I called Farm Bureau of Tennessee this afternoon and asked them if they recognize same-sex marriage. The answer was “no,” but I’m sticking with them anyway, for now.
Farm Bureau has insured my vehicles since I started driving over thirty-five years ago. In addition to the three cars they currently cover, our homeowner’s insurance policy is also managed by the company. Farm Bureau insures my husband’s SUV, and lastly, we pay for a little coverage on a small travel trailer. All of that represents a whole lot of premiums.
We have options. I called an acquaintance who works for Nationwide and he told me not only will they combine our policies and give us a marriage discount, but also if we’re members of the Human Rights Campaign they will add an additional seven-percent discount.
Farm Bureau, you have some catching up to do.
So given this information, why am I staying with this company? Here’s why: When I called and explained that I was married to my partner of fifteen years a month ago today, the woman who took my call replied, “That’s wonderful! Congratulations!” she put me on hold because she didn’t know if the company recognized same-sex marriage. I could tell she’d never been asked the question. She came back on the line and said, “I’m so sorry, but we do not offer a discount for same-sex couples because your marriage isn’t yet legal in the state of Tennessee. I really am sorry.”
I thanked her and said I was hopeful that would change over the summer, as the Supreme Court will hear a case in just a few weeks that just might make same-sex marriage legal not only in Tennessee, but maybe even in all fifty states. I also told her that her responses meant a great deal to me. I said that every time I refer to my partner, now my husband, in situations like this, there’s always a moment of risk involved. I never know how the person with whom I’m revealing the information will react. Will I get awkward silence? Will he or she become flustered? Will she or he launch into a rant about how my “lifestyle” isn’t compatible with Christian teaching?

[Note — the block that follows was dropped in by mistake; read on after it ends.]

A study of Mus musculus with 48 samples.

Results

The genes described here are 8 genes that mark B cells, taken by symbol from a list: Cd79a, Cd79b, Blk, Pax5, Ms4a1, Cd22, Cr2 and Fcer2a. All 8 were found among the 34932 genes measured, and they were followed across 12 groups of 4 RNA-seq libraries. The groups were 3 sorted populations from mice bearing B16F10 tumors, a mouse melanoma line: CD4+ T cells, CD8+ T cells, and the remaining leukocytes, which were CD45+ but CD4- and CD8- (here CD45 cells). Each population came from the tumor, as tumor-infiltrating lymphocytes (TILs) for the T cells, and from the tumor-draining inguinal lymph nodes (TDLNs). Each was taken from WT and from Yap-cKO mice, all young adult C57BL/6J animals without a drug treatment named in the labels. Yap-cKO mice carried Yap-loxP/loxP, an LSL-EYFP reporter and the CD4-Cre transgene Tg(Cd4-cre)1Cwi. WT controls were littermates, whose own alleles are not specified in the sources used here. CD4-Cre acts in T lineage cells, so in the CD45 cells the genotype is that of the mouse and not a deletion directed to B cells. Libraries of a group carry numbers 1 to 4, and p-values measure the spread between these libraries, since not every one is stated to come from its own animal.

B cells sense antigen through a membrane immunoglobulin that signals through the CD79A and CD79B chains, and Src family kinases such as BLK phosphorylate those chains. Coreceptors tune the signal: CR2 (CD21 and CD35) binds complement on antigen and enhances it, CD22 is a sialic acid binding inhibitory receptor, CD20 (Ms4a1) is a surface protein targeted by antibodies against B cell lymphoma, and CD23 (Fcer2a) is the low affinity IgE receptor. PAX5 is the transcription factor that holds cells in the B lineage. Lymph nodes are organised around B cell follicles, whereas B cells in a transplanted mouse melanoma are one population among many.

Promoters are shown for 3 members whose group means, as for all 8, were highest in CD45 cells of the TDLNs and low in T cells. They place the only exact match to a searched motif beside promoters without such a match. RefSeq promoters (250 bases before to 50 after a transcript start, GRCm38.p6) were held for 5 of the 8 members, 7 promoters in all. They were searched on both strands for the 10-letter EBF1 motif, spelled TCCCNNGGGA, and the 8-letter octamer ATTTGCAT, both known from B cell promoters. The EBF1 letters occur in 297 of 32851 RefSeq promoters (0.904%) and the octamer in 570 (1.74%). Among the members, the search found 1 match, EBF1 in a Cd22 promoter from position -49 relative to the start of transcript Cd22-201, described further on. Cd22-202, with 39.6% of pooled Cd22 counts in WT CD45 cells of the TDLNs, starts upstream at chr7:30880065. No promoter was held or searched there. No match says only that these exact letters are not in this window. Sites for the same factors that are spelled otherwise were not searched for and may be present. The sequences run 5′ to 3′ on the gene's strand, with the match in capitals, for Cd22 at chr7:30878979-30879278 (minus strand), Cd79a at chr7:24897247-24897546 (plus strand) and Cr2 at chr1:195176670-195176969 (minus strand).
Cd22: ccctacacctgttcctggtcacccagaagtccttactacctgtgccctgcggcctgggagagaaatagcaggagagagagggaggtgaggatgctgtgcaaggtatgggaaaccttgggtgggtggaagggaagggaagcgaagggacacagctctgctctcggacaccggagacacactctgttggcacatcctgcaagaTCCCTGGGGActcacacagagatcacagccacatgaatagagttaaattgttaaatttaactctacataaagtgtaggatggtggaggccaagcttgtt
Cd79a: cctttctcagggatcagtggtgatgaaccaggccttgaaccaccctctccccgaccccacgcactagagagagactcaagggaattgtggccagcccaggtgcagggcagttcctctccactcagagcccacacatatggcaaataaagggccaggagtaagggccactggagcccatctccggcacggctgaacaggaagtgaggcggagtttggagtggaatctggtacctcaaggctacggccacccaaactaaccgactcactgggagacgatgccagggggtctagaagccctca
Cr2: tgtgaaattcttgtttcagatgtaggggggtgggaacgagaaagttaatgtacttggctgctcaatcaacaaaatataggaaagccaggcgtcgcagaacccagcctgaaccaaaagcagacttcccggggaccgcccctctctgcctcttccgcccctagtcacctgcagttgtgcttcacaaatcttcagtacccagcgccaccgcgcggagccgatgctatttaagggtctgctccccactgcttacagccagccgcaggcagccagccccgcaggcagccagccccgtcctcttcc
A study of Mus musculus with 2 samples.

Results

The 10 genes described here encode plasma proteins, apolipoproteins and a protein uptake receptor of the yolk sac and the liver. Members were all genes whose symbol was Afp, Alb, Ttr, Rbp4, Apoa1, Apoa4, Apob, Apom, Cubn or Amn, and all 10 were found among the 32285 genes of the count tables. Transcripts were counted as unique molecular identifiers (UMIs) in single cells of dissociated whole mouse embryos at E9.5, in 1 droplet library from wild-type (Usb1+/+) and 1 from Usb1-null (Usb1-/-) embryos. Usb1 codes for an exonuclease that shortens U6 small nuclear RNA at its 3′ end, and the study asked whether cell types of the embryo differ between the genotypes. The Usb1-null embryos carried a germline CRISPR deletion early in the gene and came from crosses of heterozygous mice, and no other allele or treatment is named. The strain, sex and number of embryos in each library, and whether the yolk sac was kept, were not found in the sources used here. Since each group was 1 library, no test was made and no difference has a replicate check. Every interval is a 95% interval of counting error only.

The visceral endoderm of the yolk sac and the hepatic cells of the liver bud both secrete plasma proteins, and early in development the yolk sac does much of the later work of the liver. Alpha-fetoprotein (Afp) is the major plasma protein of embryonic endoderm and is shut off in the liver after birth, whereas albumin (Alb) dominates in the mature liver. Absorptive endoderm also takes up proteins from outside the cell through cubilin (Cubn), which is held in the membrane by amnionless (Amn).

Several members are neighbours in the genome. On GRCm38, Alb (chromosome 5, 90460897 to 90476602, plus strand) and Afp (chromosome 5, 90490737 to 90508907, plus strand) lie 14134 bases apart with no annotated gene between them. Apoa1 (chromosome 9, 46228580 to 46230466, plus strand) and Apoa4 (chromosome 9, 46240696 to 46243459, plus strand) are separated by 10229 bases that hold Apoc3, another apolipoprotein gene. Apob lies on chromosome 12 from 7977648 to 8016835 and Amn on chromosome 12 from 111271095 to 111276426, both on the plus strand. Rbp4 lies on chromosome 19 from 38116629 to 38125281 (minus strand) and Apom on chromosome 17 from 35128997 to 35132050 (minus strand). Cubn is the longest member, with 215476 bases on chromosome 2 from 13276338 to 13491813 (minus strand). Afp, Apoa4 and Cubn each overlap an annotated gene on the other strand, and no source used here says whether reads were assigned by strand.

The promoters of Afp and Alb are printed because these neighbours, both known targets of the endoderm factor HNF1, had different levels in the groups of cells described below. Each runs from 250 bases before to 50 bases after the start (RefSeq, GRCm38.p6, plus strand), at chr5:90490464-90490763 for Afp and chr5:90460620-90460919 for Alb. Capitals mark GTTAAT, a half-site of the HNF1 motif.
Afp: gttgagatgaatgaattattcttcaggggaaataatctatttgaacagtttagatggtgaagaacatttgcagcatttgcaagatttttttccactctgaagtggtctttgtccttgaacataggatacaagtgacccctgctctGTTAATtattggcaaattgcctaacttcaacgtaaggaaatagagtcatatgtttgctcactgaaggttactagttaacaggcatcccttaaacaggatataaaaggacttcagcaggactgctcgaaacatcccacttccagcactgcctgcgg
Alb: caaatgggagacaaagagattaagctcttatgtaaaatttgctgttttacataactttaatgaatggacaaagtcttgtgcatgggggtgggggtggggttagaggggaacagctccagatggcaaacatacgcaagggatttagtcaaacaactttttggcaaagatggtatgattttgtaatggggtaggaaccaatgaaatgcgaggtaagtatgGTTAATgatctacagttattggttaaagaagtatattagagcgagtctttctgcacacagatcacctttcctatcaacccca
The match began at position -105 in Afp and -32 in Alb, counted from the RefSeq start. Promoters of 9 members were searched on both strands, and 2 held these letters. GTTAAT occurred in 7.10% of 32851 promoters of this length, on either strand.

In this case the representative at Farm Bureau sounded surprised, happy, and truly sorrowful over the course of our conversation. I told her how much I appreciated that. She thanked me for saying so, and said she had taken a moment to compose herself before returning with the answer because the answer had made her cry.
Anytime you call customer service like this you’re warned that the conversation may be recorded. I hope this one was. I hope a lot of people at Farm Bureau, people who make policy decisions, listen to it.
I’ll stay with Farm Bureau until the mid-summer when we hear the results of this Supreme Court case. If it doesn’t end favorably, I’m grateful that I already have options.
We are lucky in Canada, this issue never comes up we simply take it for granted that it is our right because it’s in the Constitution.